Mentoring at Simmons: Professor and Student Analyze Genes

August 25, 2016

Liz Scott and Geena Chiumento

We caught up with Dr. Liz Scott and Geena Chiumento '17 about their research!

What do you teach at Simmons? What are you studying at Simmons? 

Dr. Scott: I teach microbiology courses in the Biology Department — including a big intro to microbiology lecture course and The Microbiology of Food, Water and Waste and the Epidemiology of Infectious Disease. I also teach the Public Health Senior Seminar.

Geena: I'm studying public health on the biology track and minoring in biostatistics. I was drawn to the public health program because of its small size, which allows extensive interaction between students and faculty

What's your favorite class to teach? What's your favorite class you've taken so far? 

Dr. Scott: BIO 221. For most students, it's their first encounter with the field of microbiology and how it relates to all of our lives — think human microbiome, infections, antibiotics, vaccinations, foods and beverages, clean water, etc. It's exciting to see students engage with all these topics.

Geena: BIO 221. That class made me discover my passion in microbiology. I loved learning about HIV/AIDS, antibiotic resistant bacteria and the debate surrounding vaccines.

Tell us about your SURPASs (Summer Undergraduate Research Program at Simmons) project. 

Dr. Scott: think Geena can answer this!

Geena: I'm doing a genetic analysis on the collected S. aureus isolates from the noses of nursing and science students. I'm using samples from the pilot study and extracting the bacteria’s DNA to test for certain genes. I'll be testing for the spa gene present in all strains of S. aureus followed by gene sequencing to find genetic relationships between the isolates. I'll also be testing for the mecA gene for antibiotic resistance present in methicillin resistant S. aureus (MRSA). We normally think of Staph and MRSA as pathogenic but studying their colonization of the human body is fascinating!

I hope to be able to correlate certain colonizing strains with certain lifestyle habits of the human carriers. One of our main questions is where and how students’ noses were first colonized with S. aureus. I hope to publish a short paper highlighting my methodology and results in the fall — and also develop this project into thesis material for my senior year.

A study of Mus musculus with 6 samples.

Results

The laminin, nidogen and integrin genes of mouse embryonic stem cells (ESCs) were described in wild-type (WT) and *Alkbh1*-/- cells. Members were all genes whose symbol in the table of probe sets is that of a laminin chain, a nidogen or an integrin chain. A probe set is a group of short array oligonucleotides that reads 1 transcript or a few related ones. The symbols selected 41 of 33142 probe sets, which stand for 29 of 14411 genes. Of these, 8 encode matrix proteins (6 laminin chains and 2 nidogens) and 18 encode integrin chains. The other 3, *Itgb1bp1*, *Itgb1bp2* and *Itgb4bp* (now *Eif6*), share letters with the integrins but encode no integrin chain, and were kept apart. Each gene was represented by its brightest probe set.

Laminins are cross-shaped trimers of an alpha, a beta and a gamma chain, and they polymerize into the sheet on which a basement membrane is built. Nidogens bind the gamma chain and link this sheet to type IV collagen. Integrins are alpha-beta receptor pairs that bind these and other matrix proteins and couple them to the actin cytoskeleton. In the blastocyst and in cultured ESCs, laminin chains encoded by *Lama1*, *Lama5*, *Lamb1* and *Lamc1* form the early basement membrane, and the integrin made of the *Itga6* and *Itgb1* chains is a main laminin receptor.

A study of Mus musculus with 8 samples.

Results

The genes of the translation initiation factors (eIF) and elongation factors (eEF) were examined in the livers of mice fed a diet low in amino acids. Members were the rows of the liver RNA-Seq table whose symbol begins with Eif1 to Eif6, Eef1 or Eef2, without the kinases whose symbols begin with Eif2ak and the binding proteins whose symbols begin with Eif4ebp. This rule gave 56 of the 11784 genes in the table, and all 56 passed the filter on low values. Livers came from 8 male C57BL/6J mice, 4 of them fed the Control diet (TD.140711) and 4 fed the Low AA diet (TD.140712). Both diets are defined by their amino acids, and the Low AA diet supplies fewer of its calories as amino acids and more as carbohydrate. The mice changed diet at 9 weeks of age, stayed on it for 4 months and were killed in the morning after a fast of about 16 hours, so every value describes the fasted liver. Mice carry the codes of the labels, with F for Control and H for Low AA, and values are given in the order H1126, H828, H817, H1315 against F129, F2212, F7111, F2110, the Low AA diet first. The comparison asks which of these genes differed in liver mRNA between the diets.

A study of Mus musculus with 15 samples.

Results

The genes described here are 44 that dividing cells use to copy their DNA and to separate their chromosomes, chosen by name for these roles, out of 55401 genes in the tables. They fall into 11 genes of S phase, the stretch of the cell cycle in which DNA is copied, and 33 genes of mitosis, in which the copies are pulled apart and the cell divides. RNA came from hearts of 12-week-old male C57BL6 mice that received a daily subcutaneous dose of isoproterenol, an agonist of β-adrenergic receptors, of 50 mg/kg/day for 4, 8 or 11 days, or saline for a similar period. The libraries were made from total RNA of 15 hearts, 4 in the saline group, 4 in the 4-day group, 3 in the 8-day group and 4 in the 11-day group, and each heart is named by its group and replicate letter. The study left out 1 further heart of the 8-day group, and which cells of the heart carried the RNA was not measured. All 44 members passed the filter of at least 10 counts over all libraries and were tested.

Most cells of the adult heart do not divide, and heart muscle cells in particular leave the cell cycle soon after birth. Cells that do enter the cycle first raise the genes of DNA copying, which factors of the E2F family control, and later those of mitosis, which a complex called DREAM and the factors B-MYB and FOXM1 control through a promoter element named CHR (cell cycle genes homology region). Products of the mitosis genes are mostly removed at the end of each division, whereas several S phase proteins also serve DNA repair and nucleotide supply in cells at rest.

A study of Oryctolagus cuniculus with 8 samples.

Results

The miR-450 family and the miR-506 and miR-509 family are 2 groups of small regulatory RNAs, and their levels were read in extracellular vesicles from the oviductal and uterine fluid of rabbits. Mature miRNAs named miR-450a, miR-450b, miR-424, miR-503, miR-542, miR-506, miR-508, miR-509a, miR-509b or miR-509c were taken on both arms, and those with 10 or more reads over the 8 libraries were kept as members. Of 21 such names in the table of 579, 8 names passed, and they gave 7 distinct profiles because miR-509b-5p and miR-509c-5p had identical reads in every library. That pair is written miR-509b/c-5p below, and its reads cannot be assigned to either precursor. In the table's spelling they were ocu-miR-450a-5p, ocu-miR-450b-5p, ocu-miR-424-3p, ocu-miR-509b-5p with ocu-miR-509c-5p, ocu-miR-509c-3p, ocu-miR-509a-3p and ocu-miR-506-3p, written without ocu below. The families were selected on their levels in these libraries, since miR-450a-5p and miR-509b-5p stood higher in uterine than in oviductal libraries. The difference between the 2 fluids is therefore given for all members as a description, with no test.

What advice would you give to students considering participating in SURPASs?

Dr. Scott: SURPASs is an extraordinary opportunity that allows undergraduates to propose and undertake a funded research project for six weeks in May and June. Anyone who is curious about research and has an idea about something they would like to explore should think seriously about applying. This year's proposals were of a very high standard so plan ahead and spend time preparing a proposal and finding a professor to work with you.

Geena: I would suggest the student have a day-by-day plan of what they want to get accomplished throughout the six weeks. The time flies and you have to be as productive as possible. Don’t ever sell yourself short on using your budget or your time. You — with the help of Simmons professors — can make anything happen.

Why are mentoring relationships between professors and students so important?

Dr. Scott: I view mentoring as an opportunity to provide students with a safe space where they can learn and practice new skills and where it's okay for them to learn from their mistakes and take on increasing responsibility and leadership in their own learning.

Geena: Mentoring relationships make projects strong and make each individual more confident in sharing thoughts and opinions. Listening to and respecting each other’s ideas is really how anything gets done in research, that’s why these relationships are so important.

What's your Simmons moment?

Dr. Scott: The amazing way that staff and faculty work together to support our students. Earlier this year, it looked like one my senior advisees, a wonderful young woman from West Africa and a public health major, was not going to be able to graduate in May because she didn't have the credits she needed. With the help of our Associate Dean and Registrar, the situation was cleared up and she was able to walk across the stage with her family in attendance. When she reached the stage, she looked at me and touched her heart and I knew that this was a Simmons moment! 

SURPASs is another such example, it takes a lot of work by faculty and staff from many different departments and the support of a very generous donor to make this program work. It's so worth it when you see what the students are able to achieve. 

Geena: When a peer and I presented our S. aureus research at the American Society for Microbiology Conference this past June in Boston. Although we were not physically on campus, having a small, yet recognizable “Simmons College” on my name tag made me realize how grateful I am to belong here. 

Simmons is an important place for me because it provided me the opportunity to present at an international conference. It was one of the most special days of my life!


STEM at Simmons

At Simmons, we empower women and girls in STEM through every step of their educational and professional development. Through community partnerships, rigorous programs, faculty mentoring and an extensive alumnae/i network — we work to inspire the next generation of scientists, mathematicians and engineers.